Alpha lipoic acid (ALA) is an antioxidant and a fatty acid that is naturally present in every cell of the body. It is also sometimes called thioctic acid or lipoic acid. While the body naturally manufactures alpha lipoic acid, additional ALA can be obtained through dietary sources. Organ meats, red meats, and yeast contain this substance. Some people may also take alpha lipoic acid supplements, or a doctor may administer the compound in an injection.
This compound works in the body to help the cells turn glucose into energy. Its antioxidant properties help strengthen the body’s immune system and its ability to ward off infections by combating free radicals. Free radicals are harmful waste products that cause cell damage. Alpha lipoic acid is both water-soluble and fat-soluble, which means that it has the ability to fight free radicals in both fatty tissues and in water. These antioxidants can help prevent damage to organs and tissues.
Alpha lipoic acid supplements may also be taken by diabetic patients to help lower blood sugar levels. This compound may also reduce damage from a complication of diabetes, called neuropathy, or nerve damage. Patients who take alpha lipoic acid supplements for neuropathy may notice a reduction in the numbness, tingling, and pain caused by neuropathy.
Due to its antioxidant properties, alpha lipoic acid supplements may also help to safeguard the brain from free radical damage. Unlike other antioxidants, ALA is able to pass through the blood-brain barrier, which is composed of cells and very small blood vessels. While more scientific studies are needed in this area, this compound may help reduce brain damage in patients who have suffered a stroke.
There are other conditions that alpha lipoic acid supplements may alleviate, however, more research is needed. It has been suggested that it may help treat liver disease, or liver damage due to other causes. Some researchers have also proposed that it may also help glaucoma patients.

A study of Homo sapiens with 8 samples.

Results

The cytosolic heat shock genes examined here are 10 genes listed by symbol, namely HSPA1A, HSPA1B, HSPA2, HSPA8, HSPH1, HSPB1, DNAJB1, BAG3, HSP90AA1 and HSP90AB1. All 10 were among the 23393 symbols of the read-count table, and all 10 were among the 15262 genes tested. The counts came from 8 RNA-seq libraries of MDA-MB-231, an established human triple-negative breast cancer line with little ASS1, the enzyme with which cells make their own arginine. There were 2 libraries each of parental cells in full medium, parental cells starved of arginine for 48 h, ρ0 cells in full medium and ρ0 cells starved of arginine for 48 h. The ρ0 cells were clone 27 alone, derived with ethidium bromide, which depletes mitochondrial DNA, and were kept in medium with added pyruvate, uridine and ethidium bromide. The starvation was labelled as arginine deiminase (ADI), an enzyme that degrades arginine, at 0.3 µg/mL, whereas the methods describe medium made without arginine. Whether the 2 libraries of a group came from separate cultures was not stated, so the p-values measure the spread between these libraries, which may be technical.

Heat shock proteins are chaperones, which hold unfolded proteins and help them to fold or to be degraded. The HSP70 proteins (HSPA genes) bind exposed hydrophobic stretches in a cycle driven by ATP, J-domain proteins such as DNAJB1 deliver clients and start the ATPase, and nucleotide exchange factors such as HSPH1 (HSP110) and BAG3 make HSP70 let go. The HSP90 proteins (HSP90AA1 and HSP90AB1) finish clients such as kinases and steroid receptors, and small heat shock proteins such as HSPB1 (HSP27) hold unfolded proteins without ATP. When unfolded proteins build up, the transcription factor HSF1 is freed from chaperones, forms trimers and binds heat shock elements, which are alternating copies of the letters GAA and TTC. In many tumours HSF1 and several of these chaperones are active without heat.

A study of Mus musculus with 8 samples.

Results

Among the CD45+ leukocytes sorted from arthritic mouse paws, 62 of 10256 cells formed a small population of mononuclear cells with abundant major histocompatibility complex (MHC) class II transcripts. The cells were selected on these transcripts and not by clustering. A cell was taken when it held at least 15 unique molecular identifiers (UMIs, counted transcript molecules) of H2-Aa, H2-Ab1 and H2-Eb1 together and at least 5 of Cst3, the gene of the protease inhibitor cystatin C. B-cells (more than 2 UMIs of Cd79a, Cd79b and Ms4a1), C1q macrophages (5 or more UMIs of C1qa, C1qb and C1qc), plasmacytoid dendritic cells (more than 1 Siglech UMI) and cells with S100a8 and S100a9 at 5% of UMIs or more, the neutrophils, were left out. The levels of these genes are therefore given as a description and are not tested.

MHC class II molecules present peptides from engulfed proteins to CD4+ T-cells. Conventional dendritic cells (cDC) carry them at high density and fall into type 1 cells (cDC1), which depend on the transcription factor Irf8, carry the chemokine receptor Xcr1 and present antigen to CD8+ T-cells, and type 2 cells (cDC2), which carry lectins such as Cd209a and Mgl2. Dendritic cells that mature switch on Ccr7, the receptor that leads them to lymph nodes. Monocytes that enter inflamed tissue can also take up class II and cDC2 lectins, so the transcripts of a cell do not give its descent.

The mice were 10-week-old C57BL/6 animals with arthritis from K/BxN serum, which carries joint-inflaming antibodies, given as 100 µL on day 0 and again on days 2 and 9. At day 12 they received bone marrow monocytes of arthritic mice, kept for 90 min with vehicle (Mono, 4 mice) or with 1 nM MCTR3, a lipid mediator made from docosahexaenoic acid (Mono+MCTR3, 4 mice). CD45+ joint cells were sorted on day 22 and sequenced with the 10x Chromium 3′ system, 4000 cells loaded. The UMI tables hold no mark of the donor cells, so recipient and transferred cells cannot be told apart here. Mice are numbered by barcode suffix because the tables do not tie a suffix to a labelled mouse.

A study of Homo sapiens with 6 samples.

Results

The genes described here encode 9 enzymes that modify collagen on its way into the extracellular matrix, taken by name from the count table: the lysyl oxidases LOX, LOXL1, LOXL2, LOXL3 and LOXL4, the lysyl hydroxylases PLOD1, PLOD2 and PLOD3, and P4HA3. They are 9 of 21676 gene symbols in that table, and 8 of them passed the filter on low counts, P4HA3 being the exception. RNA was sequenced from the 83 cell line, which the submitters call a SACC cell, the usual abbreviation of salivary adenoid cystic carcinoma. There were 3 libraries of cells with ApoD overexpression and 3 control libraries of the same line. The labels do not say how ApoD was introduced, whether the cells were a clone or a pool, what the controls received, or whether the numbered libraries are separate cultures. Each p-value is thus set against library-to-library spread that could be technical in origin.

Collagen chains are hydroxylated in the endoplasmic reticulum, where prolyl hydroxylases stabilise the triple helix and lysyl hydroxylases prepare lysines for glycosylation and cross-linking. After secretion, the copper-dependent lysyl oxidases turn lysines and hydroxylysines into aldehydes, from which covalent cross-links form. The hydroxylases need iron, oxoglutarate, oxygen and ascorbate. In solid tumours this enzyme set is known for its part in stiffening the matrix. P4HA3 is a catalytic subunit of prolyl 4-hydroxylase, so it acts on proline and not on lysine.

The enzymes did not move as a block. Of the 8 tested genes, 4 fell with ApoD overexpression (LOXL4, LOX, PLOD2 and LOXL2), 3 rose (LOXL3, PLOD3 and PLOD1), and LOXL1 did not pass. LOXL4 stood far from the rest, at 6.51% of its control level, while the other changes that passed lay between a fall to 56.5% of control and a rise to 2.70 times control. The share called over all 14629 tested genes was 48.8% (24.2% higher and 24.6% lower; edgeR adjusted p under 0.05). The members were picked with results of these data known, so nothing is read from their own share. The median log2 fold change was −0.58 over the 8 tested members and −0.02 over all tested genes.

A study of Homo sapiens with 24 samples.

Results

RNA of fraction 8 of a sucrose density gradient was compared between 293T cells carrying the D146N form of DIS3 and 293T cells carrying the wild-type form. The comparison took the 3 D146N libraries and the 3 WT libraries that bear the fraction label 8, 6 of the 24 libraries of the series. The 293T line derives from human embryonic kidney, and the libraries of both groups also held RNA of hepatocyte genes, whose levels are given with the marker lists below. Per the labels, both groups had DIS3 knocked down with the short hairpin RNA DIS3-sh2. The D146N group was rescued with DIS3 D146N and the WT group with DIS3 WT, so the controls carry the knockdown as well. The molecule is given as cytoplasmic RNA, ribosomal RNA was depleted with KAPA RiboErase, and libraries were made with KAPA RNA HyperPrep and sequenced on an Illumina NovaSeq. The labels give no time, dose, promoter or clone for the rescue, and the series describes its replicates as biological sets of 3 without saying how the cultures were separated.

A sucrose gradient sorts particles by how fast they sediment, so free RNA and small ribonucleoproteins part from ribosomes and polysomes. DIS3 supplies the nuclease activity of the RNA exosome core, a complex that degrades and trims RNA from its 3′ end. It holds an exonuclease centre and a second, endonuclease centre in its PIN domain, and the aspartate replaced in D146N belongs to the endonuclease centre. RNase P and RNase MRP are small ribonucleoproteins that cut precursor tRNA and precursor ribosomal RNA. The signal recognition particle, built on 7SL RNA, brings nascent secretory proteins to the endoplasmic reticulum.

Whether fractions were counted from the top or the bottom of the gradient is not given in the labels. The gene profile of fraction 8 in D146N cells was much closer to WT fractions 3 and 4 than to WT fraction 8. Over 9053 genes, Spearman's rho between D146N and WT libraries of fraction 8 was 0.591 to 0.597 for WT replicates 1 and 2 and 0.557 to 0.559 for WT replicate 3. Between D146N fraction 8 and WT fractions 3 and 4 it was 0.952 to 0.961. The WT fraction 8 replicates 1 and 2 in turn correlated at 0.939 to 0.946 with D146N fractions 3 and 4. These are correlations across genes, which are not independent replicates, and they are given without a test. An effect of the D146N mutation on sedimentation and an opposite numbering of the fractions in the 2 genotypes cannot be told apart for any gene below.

Patients who take alpha lipoic acid supplements should be aware of possible side effects. These may include muscle cramps, headaches, and a 'pins and needles' sensation in the limbs. Patients who experience these symptoms should seek their doctor’s advice. An allergic reaction to ALA requires immediate medical attention. Symptoms of a possible allergic reaction include hives, facial swelling, and respiratory difficulties.
Women who are pregnant or breastfeeding should not take alpha lipoic acid supplements without the approval of a doctor. Diabetic patients should only use ALA under their doctor’s direction, due to the risk of low blood sugar. Additionally, patients who have a vitamin B1 deficiency, or those who commonly consume excessive amounts of alcohol, should avoid this supplement.
Other medications and vitamins may interact with alpha lipoic acid supplements. Patients who seek to combine supplements or drugs should seek their doctor’s advice first. ALA may interact with diabetes medications, as well as drugs intended to regulate the thyroid.
There are no official recommended dosages for ALA supplements. Children should never take them, as possible risks are unknown. Adults who take them for general health may take between 20 to 50 milligrams (mg) daily. Diabetic patients who wish to control neuropathy symptoms may take up to 800 mg daily, in divided doses.